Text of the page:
In recent years, anecdotal evidence indicates that more women are leveraging all of their resources to effect the change they wish to see in the world. This has certainly been true in the philanthropy sector. Last year, noted philanthropist Agnes Gund demonstrated the power and impact of leveraging her resources by using $100 million of the proceeds from the sale of her painting, Roy Lichtenstein’s The Masterpiece, to seed the Art for Justice Fund dedicated to criminal justice reform.

In politics, 2018 has been called the Year of the Woman. Back in March, Politico reported that 60 percent more women had declared plans to run for the House and Senate as compared to the 2016 election. As of Oct. 4, 278 women are running for Senate, House, and Governor positions according to analysis by the Center for American Women and Politics at Rutgers University.

How women are leveraging their resources at the intersection of philanthropy and politics is the subject of a new report released today by the Women’s Philanthropy Institute. Charitable Giving Around the 2016 Election: Does Gender Matter? looks specifically at charitable behavior before and after the 2016 election through the gender lens. While the popular press covered incidences of “rage giving” with headlines such as “It’s unprecedented in our history” in The Washington Post and “The Post-Election Surge in Donations” in The Atlantic, scant attention was paid to the role of gender in that giving. It turns out: gender mattered!

The study used daily transaction data from a national online donation platform and tested whether charitable giving patterns changed in the week before and after the 2016 election. It looked only at the period around the 2016 election, compared to similar periods in 2015 and 2017. For more details about the methodology, please see that section in the report (page 16).

The study found that the 2016 election did indeed trigger charitable donations, but only for certain causes and overwhelmingly from female donors.

Key findings include:

  • Overall charitable giving was lower immediately following the 2016 election than would be expected in years without a national election.
  • Lower charitable giving after the 2016 election was concentrated among men; women’s giving increased compared to men’s giving post-election.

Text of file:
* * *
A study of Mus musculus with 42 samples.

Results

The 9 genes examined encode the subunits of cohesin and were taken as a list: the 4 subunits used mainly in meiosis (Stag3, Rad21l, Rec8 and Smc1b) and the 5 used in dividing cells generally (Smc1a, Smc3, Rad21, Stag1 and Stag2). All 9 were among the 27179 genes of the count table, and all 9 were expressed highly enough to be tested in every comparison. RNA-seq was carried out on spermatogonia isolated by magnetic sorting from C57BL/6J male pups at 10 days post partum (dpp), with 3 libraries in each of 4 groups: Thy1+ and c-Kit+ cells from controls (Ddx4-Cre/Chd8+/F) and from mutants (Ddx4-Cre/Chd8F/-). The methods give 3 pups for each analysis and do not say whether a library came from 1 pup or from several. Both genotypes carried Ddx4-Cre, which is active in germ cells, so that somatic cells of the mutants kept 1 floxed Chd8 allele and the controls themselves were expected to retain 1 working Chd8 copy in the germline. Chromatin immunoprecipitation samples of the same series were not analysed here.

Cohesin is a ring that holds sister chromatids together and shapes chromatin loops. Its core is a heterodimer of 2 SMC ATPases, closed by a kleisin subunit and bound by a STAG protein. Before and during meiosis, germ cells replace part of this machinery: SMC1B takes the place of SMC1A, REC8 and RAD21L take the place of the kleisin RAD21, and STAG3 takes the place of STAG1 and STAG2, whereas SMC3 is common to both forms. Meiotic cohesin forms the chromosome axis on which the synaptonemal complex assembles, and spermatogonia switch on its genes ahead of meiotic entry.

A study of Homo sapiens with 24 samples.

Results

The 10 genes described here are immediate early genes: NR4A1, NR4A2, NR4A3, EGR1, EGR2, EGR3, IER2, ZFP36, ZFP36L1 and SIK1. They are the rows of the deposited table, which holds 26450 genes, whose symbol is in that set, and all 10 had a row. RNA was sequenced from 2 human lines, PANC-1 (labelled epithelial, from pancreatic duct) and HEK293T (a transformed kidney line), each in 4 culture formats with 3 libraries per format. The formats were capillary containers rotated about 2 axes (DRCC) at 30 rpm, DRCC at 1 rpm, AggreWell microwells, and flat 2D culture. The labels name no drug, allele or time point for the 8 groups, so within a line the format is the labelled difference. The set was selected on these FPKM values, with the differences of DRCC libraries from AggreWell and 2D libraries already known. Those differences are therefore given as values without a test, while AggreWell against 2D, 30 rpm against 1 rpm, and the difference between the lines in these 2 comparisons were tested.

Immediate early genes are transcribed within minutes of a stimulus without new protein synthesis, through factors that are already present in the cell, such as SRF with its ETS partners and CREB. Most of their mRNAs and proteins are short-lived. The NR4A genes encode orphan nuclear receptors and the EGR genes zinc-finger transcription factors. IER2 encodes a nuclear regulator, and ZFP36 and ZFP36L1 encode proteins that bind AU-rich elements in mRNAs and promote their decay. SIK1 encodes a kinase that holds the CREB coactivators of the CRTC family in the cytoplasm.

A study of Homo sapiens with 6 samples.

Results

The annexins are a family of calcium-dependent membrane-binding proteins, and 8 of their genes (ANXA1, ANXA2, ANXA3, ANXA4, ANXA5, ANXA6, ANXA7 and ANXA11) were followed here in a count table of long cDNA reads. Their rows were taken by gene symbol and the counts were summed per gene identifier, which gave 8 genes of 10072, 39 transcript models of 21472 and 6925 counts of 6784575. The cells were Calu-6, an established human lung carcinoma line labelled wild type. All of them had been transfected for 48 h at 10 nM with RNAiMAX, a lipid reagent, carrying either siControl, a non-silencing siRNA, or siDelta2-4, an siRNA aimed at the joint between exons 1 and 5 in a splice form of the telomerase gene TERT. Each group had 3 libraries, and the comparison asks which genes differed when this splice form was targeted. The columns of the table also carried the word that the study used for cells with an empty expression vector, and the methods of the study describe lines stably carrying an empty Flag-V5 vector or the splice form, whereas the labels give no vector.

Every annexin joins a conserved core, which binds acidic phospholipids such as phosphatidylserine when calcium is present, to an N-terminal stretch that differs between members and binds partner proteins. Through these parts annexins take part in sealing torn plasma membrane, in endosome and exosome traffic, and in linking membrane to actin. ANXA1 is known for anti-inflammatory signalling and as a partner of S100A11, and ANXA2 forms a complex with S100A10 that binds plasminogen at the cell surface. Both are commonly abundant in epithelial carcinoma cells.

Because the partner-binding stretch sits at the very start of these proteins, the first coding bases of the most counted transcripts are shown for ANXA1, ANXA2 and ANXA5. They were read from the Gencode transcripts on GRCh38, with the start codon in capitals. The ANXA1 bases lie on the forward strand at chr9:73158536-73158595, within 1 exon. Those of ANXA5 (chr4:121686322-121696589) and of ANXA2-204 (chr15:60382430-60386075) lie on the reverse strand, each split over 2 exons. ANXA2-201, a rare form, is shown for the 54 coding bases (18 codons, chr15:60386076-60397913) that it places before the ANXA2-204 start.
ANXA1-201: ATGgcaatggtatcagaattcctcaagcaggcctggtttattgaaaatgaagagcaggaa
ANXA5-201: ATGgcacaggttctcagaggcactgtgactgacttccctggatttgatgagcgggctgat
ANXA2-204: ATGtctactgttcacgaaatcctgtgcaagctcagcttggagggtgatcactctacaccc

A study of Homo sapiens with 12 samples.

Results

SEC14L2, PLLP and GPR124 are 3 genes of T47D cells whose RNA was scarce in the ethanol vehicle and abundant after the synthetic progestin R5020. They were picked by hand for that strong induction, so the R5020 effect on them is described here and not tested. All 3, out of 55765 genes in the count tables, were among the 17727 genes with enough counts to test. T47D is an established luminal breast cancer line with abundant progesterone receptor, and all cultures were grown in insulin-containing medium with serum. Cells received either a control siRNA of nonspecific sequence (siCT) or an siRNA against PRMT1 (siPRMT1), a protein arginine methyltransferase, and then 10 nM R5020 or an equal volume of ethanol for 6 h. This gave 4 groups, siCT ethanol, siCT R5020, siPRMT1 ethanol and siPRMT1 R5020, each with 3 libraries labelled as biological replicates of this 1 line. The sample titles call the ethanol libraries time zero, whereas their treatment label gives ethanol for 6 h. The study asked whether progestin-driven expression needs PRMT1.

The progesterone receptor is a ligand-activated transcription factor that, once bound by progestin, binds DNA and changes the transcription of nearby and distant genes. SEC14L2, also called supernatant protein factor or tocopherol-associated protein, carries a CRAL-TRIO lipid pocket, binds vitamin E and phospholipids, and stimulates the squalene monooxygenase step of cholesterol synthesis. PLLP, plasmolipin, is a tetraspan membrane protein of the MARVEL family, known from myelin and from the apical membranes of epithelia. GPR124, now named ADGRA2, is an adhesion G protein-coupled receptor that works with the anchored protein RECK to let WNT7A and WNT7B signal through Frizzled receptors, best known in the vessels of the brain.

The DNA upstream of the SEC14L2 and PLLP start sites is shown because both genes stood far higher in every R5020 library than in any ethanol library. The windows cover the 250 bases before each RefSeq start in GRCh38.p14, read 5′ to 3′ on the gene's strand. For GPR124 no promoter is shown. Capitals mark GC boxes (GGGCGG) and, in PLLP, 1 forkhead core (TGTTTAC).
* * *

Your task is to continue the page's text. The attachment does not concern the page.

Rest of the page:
• Charitable giving after the 2016 election increased significantly for progressive 501(c)3s with relevance to key election issues. (Charitable organizations in the data were classified according to perceived political leaning as well as relevance to issues raised during the 2016 election cycle. Because this is the first study of its kind, it is not known whether a similar effect would be seen among relevant conservative charitable organizations in a year with different election results.)
  • The increase in charitable giving to relevant progressive charities after the 2016 election was driven primarily by women donors. In the week before the election, women gave more than men to these types of organizations; this giving accelerated in the week after the election as the difference between women and men’s giving increased six-fold.

This study provides evidence that women are increasingly connecting their values and leveraging their philanthropic resources as a means of civic and political engagement. It affirms earlier research that shows that women are more likely than men to indicate that issues and causes drive their giving. Women are also more likely to cite their political or philosophical beliefs as a motivation for their charitable giving.

Conversation starters:

To what extent do your political and philosophical beliefs motivate your giving?

Did your charitable giving change as a result of the 2016 election?

In what ways do you leverage your resources to effect the change you wish to see in the world?

Charitable Giving Around The Election

Learn more about giving around the election from the Women's Philanthropy Institute.